There are thousands of islands and countless travel options in the south. Every traveler’s dream is to find an island where you’ll be alone, but this is close to impossible in Thailand. Almost every person we met recommended us “the one island you should absolutely go to”, so it didn’t help much. In the end, we settled for the Andaman Sea, meaning the Western coast. We thus flew to Krabi and got to Koh Lanta the next morning.
We also loved our little hotel on top of the hill, a bit away from the beach but quiet and easy to reach on foot.
As Koh Lanta is the base for one of Thailand’s two best scubadiving spots, Hin Daeng & Hin Mueang, I (Quentin) went on a full day trip while Rebekka relaxed on the beach and enjoyed a little massage (this time not by a bodybuilder). The two dives were around reefs in the open sea, over 3 hours away from the island, and were worth every single penny! Well-alive and colorful corals carpeted the seabed and millions of fish swam in tight squadrons. The area is notably famous for its red and purple coral trees, and for sightings of Manta rays… Guess what? On the second dive, we jumped in the water, sank a bit deeper and there it was: a huge, majestic Manta ray! Even the instructor diving with me was as excited as a little child that meets batman for real (and he dives here 300 times a year – the instructor, not batman). I could spend an hour describing how fascinating those animals are. This manta was about 4m wide (some said bigger, but it’s most likely due to excitement), and a very curious one! She circled around us for half an hour, playing with our bubbles and sometimes passing just 1m above our heads! In a way, it was very touching to share this moment with this incredible animal that seems to levitate in slow motion, with the grace of a ballet dancer.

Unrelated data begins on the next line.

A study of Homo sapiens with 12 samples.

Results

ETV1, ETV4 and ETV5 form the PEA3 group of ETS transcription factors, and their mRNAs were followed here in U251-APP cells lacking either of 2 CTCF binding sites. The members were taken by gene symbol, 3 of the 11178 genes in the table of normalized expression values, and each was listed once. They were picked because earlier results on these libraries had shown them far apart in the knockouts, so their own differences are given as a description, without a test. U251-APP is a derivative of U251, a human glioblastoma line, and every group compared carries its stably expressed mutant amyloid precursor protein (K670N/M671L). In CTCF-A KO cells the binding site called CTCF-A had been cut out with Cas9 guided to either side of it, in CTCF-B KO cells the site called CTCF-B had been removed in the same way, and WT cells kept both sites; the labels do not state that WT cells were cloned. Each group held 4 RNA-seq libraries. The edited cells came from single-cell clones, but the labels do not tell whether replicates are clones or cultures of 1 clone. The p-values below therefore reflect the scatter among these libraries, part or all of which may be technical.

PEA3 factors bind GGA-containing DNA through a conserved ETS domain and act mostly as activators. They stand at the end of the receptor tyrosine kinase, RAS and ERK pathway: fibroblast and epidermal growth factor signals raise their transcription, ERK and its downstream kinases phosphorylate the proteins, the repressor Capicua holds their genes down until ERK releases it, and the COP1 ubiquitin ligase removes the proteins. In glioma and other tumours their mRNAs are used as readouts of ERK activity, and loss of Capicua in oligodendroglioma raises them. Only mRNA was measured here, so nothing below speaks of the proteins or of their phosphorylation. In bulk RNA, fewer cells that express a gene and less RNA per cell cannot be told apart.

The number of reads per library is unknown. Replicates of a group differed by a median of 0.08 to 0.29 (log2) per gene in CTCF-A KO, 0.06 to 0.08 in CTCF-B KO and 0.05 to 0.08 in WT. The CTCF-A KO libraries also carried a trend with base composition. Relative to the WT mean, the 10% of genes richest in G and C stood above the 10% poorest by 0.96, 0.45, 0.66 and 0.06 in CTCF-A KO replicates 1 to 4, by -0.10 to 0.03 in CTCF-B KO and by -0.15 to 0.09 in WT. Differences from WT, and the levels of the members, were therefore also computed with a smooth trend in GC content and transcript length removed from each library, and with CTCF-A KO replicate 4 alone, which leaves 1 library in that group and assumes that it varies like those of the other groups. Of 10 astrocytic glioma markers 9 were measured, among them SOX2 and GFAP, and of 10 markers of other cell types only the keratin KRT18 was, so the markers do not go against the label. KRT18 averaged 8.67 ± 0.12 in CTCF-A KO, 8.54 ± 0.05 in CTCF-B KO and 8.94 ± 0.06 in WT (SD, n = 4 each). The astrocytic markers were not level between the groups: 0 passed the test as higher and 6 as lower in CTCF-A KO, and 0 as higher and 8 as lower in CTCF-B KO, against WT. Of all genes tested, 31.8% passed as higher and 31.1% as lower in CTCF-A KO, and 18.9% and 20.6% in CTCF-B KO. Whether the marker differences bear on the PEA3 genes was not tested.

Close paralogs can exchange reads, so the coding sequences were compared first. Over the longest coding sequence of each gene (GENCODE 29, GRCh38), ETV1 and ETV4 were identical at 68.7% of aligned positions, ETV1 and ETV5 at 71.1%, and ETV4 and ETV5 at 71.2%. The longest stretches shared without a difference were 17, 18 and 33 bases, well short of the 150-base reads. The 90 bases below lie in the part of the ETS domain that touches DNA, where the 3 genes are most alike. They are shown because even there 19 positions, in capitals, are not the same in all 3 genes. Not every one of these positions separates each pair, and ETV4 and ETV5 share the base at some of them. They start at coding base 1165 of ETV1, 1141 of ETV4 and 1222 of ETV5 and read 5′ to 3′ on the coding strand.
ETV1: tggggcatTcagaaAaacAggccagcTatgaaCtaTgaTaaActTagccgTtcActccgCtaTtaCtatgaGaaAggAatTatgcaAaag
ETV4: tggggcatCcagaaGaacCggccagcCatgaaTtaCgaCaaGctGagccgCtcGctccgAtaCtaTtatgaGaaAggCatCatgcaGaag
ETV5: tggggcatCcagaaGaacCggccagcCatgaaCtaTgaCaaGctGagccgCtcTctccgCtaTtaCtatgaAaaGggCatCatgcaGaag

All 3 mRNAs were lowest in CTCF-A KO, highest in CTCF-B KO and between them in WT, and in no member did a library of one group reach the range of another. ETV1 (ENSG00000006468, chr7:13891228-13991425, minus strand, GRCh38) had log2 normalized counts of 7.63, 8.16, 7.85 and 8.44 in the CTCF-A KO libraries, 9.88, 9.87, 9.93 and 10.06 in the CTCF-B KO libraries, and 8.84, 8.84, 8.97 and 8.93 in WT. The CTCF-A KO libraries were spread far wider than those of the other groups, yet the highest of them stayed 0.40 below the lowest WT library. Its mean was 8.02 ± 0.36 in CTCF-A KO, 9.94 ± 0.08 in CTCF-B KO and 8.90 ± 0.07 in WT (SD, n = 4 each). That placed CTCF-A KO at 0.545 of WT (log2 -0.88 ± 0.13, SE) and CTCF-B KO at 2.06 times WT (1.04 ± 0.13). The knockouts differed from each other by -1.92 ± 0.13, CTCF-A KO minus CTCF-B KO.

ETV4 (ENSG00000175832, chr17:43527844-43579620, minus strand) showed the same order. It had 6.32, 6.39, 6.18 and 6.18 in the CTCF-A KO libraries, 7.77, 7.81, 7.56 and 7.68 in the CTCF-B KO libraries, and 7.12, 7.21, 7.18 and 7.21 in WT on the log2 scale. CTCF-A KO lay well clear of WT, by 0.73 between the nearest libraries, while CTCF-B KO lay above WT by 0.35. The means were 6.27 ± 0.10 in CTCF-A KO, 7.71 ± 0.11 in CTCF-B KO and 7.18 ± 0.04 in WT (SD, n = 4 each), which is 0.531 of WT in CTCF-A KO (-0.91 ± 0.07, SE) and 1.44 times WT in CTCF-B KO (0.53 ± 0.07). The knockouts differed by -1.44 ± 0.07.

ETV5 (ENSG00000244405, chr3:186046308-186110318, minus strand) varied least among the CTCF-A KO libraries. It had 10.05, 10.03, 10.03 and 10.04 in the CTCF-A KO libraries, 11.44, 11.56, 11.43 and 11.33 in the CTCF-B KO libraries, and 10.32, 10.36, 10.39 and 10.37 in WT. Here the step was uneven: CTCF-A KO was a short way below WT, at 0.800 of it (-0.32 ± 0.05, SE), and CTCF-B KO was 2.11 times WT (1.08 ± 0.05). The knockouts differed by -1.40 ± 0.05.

Although the Manta was clearly the highlight of my dives, I still got to see some other interesting things, such as a giant puff-fish, a peacock mantis shrimp (look them up on YouTube, they are the most badass creatures on earth!), a massive moray, etc., etc..
KOH ROK and KOH HA
Finally, we made it to our island! The boat dropped us 10m from the beach though, so we had to jump in the water until our knees with our big backpacks. Koh Muk is a tiny island, and we spent 3 nights there before flying to Bangkok. We got ourselves a tiny bungalow with all of the available luxury: mosquito net for the looks, bucket of water for the shower and toads for the company!
We first took a boat to Koh Kradan, famous for its long beautiful beach (sometimes making it to some newspaper’s rankings about the world’s most beautiful beaches), snorkeled around and enjoyed the beautiful views.
When we got lost a second time, climbing up a rough path zigzagging between wild rubber trees and where bushes were so dense we couldn’t see our legs, we almost gave up. But we ended up finding the right way and made it in one piece to a beautiful tiny beach surrounded by mountains and jungle.
After enjoying the beach for a bit, we met two nice German couples that had come here by kayak. Hating the idea of having to go back the same way, we decided with the Germans that we would try “adding a third passenger” to each kayak. It worked for the first 100m, but one kayak started filling up with water and eventually flipped, throwing its passengers as well as all bags & backpacks in the water. Nothing got lost, but the couple hadn’t brought a dry-bag with them so it killed a cellphone and didn’t improve the design of their passports… As the kayak obviously wouldn’t support this mistreatment a second time, Rebekka ended up swimming behind the second kayak (or pushing it, considering that this poor piece of plastic had to drag 4 people now) for about 1km until we found a long-tail boat that accepted to bring us back to the island’s nearest beach (hitch-hiking on the sea: check!). A crazy adventure that we will certainly remember!
Foodwise, our ten days in southern Thailand let us experiment quite a few dishes, from curries to grilled or fried fish through fancy pad Thai. One night, we allowed ourselves a bit of a fancier dinner, and went to a restaurant that even had bread and salty butter! We also had wine for the first time since that traumatising tasting in Myanmar (we didn’t dare try the local Thai wine though…).